By Mike Weir | Chief revenue officer

February 8, 2022 | 7 min read

B2B marketers, listen up. If you focus on just one trend, it should be getting your data game down, because intelligence sources are changing rapidly thanks to Apple’s app tracking policy change and web browser cookies going away, writes G2’s Mike Weir.

The data privacy shifts at hand will limit B2B advertisers’ ability to track their target audiences across the web and mobile devices, personalize messages and measure campaign performance. So, marketers will have to be smarter about data and the platforms they use to engage prospects and customers. This is a huge moment for a company’s first-party and second-party data sets and alternative intelligence sources.

B2B marketers have always had built-in challenges compared to B2C counterparts. Deals can take one to nine months (or more) to close; rather than an individual consumer, B2B marketers have to influence multiple decision makers. It’s not like selling a hoodie or even a streaming subscription – these are often software decisions with price tags of tens or hundreds of thousands of dollars that can cost people their job if implementation doesn’t go right.

Privacy

Building trust is imperative and data can help sellers in powerful ways make buyers feel comfortable about their decision pre-purchase, during implementation and post-implementation. But again, the world is changing quickly due to privacy-first policies. Here are four steps B2B marketers can take to win in this emerging era.

1. Build a data culture

Indeed, brands that have a data culture stand the best chance of building the sales and marketing tech stacks the right way. To best harness their data, B2B companies need to have a data culture that is led top-down, from the CEO, CRO, CMO and CTO to their teams across the globe.


2. Embrace buyer intent

Today’s B2B advertisers should leverage buyer intent data – a type of second-party data that is driving platforms such as LinkedIn and others to record heights. Your marketing and sales team can experience their own gains by embracing this intel.

What does it look like in action? Let’s say a marketing team works for a point-of-sale software supplier. If they can leverage buyer intent data via advertising, it allows them to zero in on the right 100 retail or restaurant chief technology officers who are actually in-market for POS software instead of taking a list of 10,000 companies you think are good targets. When faced with fixed budgets, you need to invest in building trust with your key demographic personas, but you must focus on earning mind share with who’s in consideration right now or in the near future. Buyer intent will help marketing and sales teams zero in on the right prospects and hit their ROI goals.

3. Lean into first-party data; mesh with other opt-in intel

With cookies crumbling and lookalike audiences going out of vogue for B2B players, first-party data has become imperative to your business. Obviously, via email, text and other channels, sales and marketing teams can build strong, 1:1 relationships with customers and prospects. The key will be for marketing and sales to look at the same first-party data and marry that with second-party buyer intent data, so when qualified leads are generated, the sales team can accurately and intelligently pick up the conversation where marketing left it. In other words, they need to be in sync about what first-party and second-party data is telling you about the customer/prospect.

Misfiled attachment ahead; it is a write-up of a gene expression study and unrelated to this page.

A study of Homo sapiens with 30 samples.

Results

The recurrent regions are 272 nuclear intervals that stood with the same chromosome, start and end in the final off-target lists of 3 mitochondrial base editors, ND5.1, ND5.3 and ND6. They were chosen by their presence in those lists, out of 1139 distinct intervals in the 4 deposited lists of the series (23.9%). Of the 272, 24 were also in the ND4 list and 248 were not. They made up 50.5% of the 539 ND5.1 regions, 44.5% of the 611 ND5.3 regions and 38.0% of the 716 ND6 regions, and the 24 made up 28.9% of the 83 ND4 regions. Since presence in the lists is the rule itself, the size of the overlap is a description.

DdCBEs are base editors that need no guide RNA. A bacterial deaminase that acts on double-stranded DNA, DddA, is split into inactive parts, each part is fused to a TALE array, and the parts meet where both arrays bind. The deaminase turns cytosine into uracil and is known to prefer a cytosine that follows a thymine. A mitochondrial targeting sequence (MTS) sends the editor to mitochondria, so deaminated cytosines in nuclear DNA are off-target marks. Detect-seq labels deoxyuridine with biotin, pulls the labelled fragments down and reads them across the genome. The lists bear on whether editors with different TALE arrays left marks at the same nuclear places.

Further, even with more privacy policies, B2B brands can marry permission-based third-party data – where the viewer has accepted cookies – from other sources with their first-party data to get a better understanding of their customer. Audience segments and buyer cohorts are still part of the marketplace for platforms that get user consent. Therefore, building a marketing stack that can make sense out of layers of data remains a challenge in the space. It’s why big brands like Coca-Cola are hiring data analysts and data scientists.

4. Create a data cloud

Last, but certainly not least, marketing and sales organizations need to build an internal, centralized data cloud that can help them analyze customer and prospect engagement. This system will allow teams to take action and ensure they know where the customer or prospect is in the purchase journey, allowing reps to provide the most relevant and helpful information.

B2C brands such as Asics are using a data cloud to improve their marketing personalization across apps and websites, and B2B marketers can do the same. What’s more, building a data cloud gives marketing and sales organizations ownership over how their intelligence is processed and secured.

All that said, 2022 is likely going to be a historic year for B2B marketers to up their data skills. B2B e-commerce is now a $26.7tn industry, as buyers have become more comfortable using their company credit cards to make their purchases and moving on to the next task. This trend, coupled with the privacy-first policies that are emerging, means marketers need to sharpen their data game to get a healthy slice of emerging ecommerce as well as offline sales.

Mike Weir is chief revenue officer at G2.